Short-term pain for long-term gain is the best way to describe a plan to ban bottom fishing along the Continental Shelf from Charleston to south Florida.
The plan aims to save the popular but imperiled red snapper, which is at just 3 percent of its 1945 population level. Forty-percent of that 1945 level is thought to be a sustainable population.
The fish can live for more than 50 years and are often caught before their best spawning years. Today, few are older than 10.
Federal law required the South Atlantic Fishery Management Council to take action by 2010 after population assessments concluded the red snapper was over-fished.
A ban in deep-sea areas would seem the shorter route to recovery. The more breeding population that is left in place, the more quickly the snapper's numbers would grow.
The bottom fishing ban comes because red snapper often don't survive if they are caught while fishermen target other species. The plan would prohibit bottom fishing for grouper in deep-sea spots. It leaves open popular locations closer to shore.
Deep-sea catches are particularly hazardous for red snapper, according to the Pew Environment Group, because many die when thrown back. Their internal organs can explode when they are pulled up quickly from their deep-sea habitat.
Few seem satisfied with the council's decision.
Many commercial and recreational anglers opposed closing the bottom, saying it wasn't needed and would drive them out of business. The bottom-fishing ban could remove local catches of the popular grouper fish.
Representatives of the Pew Environment Group say the council didn't go far enough. The decision reversed a committee decision that would have closed a larger area.
Holly Binns, manager for the Pew Environment Group's Campaign to End Overfishing in the Southeast, said in a statement that the change resulted in "a weakened measure that caters to short-term thinking and won't get the job done."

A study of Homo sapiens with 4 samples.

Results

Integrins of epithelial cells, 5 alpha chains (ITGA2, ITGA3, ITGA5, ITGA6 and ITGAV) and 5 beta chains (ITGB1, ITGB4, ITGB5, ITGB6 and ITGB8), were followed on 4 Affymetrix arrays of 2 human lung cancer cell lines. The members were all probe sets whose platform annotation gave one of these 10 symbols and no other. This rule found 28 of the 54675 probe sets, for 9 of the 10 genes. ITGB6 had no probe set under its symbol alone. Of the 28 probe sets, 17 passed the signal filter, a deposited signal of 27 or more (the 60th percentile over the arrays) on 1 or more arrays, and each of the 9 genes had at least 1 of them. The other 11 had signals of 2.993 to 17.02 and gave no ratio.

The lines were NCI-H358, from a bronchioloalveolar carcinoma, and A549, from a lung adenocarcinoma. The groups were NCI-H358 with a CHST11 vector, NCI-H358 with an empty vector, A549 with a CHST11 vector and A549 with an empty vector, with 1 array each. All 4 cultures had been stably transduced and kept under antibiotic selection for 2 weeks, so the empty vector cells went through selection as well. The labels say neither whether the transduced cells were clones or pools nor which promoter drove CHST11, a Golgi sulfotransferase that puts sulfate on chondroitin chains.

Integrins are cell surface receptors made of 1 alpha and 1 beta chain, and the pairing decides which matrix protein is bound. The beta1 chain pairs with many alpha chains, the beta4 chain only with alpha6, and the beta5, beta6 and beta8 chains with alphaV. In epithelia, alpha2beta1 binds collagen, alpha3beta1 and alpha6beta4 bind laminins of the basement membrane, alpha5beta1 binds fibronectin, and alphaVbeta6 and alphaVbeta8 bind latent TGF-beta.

The closure is one of a number of regulations being considered to protect snapper-grouper species, which counts indicate have been depleted. But any rules adopted might not stay in place long.
The National Oceanic and Atmospheric Administration is proposing new guidelines for assessing fish stocks. The recent decision was based on 2008 stock assessments. The agency also is beginning a move to allocating catch shares -- giving anglers a specific number of fish they can catch rather than limits on individual species -- and limiting
the number of anglers who can fish.
In the Gulf of Mexico, red snapper are showing signs of recovery after a 5 million-pound quota was put in place in February 2008 for recreational and commercial fishers.
The Gulf of Mexico Fisheries Management Council could decide as soon as February to expand that quota to 6.9 million pounds, a move some caution against, given the time it takes the species to grow to reproductive maturity.
Short-term complaints must be weighed against the long-term payoff. The red snapper population is unlikely to get back to sustainable levels unless major steps are taken. The sooner those steps are taken, the sooner the snapper can recover and the sooner limits can be lifted.